Having just returned from the National Plastics Exposition (NPE) in Orlando, FL, we’re curious if you saw it? Around every corner, there were sights and sounds of its allure, its potency.
The “it” I’m referring to is innovation. (*cue the collective groan*)
Before you move on to the next article, consider this: What does innovation look like to you? Would you recognize it? It seems like the look, feel, effect, and fundamental definition of innovation is often in the eyes of the beholder. Countless companies include innovation in their missions, strategic plans, and marching orders. But would you spot it? Would it be “Innovation” with a capital “I”, a hybrid form, or . . . a lost art form?
Innovation is a leading priority for CEOs, with more than 70% listing it as one of their top three areas. For many companies, it starts with a number of fundamental principles, as well as organizational and strategic roadmaps. Yet only 16% of companies believe that they’re better innovators than their peers. Has “innovation” become a meaningless buzzword? And how can we quantify the different types of innovation, be it growth, incremental, sustaining, or efficiency innovation?
In a recent piece titled “Innovation” is dead. Long live “innovation”., Swiss business theorist Alexander Osterwalder breaks down two very different innovation models; the “exploit” side, which tackles improvement, and the “explore” side, which focuses on invention. In the case of the exploit side of innovation, activities are valued for creating efficiencies or incremental changes that sustain the company. Examples include business process re-engineering, cost cutting activities, or the replacement of products and services with newer, better ones. Most companies master this side of innovation relatively well.
On the opposite end of the spectrum is the explore side of innovation, which focuses on entirely new value propositions, business models, and other types of growth engines. This is where substantial growth opportunities reside. This is where challenges lie, as mastery this unique type of innovation requires a different operational and organization skill set.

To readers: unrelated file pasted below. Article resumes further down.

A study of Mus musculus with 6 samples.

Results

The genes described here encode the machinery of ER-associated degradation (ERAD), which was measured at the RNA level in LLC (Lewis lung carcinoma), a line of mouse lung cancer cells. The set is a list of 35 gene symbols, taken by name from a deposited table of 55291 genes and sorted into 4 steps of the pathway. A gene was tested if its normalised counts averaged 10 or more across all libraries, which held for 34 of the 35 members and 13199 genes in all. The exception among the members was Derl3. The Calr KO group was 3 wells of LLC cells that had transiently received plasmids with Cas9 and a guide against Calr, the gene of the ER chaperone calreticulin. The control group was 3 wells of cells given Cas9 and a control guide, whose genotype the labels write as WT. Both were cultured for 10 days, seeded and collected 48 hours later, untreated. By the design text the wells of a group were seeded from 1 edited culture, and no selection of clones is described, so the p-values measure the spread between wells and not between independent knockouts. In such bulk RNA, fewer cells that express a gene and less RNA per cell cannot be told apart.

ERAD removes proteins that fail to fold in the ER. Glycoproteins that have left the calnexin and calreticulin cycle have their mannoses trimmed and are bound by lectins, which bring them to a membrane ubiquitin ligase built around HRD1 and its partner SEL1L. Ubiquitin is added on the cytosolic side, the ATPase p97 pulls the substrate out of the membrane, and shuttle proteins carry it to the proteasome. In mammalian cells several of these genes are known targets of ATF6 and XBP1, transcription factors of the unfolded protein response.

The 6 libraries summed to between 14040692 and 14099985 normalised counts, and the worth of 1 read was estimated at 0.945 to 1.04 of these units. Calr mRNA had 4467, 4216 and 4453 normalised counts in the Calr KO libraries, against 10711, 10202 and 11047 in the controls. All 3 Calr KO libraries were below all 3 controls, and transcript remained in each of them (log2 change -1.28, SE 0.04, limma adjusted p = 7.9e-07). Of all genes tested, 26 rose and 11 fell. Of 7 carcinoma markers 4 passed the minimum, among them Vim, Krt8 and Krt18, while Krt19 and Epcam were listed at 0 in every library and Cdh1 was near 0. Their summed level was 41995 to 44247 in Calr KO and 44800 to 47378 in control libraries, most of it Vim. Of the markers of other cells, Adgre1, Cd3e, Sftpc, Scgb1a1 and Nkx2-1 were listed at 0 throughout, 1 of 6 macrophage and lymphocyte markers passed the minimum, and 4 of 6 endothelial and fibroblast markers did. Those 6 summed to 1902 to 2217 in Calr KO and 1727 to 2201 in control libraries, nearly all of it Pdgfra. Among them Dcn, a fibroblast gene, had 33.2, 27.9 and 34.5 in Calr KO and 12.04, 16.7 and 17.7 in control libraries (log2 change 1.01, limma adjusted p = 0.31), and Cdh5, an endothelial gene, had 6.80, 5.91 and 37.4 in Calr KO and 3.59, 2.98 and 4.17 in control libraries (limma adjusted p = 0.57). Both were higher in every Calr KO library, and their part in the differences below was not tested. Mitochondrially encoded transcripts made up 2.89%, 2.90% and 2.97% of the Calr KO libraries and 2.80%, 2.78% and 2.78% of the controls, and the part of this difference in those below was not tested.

The key to achieving successful, sustained outcomes is a corporate culture that aligns with and reinforces its fundamental innovation strategy. A common frustration of innovation managers is the difficulty they face in adopting promising new innovation practices, including those that have been successful at other companies. Cultural factors may often loom large; openness to new methods and ideas, as well as support from senior leadership, are important, yet can be subject to unintentional cultural sabotage.
As corporations struggle with the pace of internal innovation, many are opting to collaborate with smaller, more agile companies that offer complementary material and/or process innovation. Several announcements made during the NPE by premier companies validate this openness to consider external technologies as components to their innovation models.
At NPE, 3D printing materials and technologies took center stage for their success in quickly moving the innovation needle. The announcement from BASF regarding its collaborative partnership with Essentium captured both media and audience interest. Texas-based Essentium combines performance materials, high speed extrusion, and its “Flashfuse” two-part electric welding process in exciting ways. Using this patented technology, one can fuse individual layers inside the printer as the parts are being built without post-processing.
Spotting new and differentiated innovation takes the skills of an technical investigator with ground floor knowledge and unique market insights. At Match Point Strategies, our passion lies in discovering exciting product and market changes that accelerate our clients’ business opportunities. Let us show you how!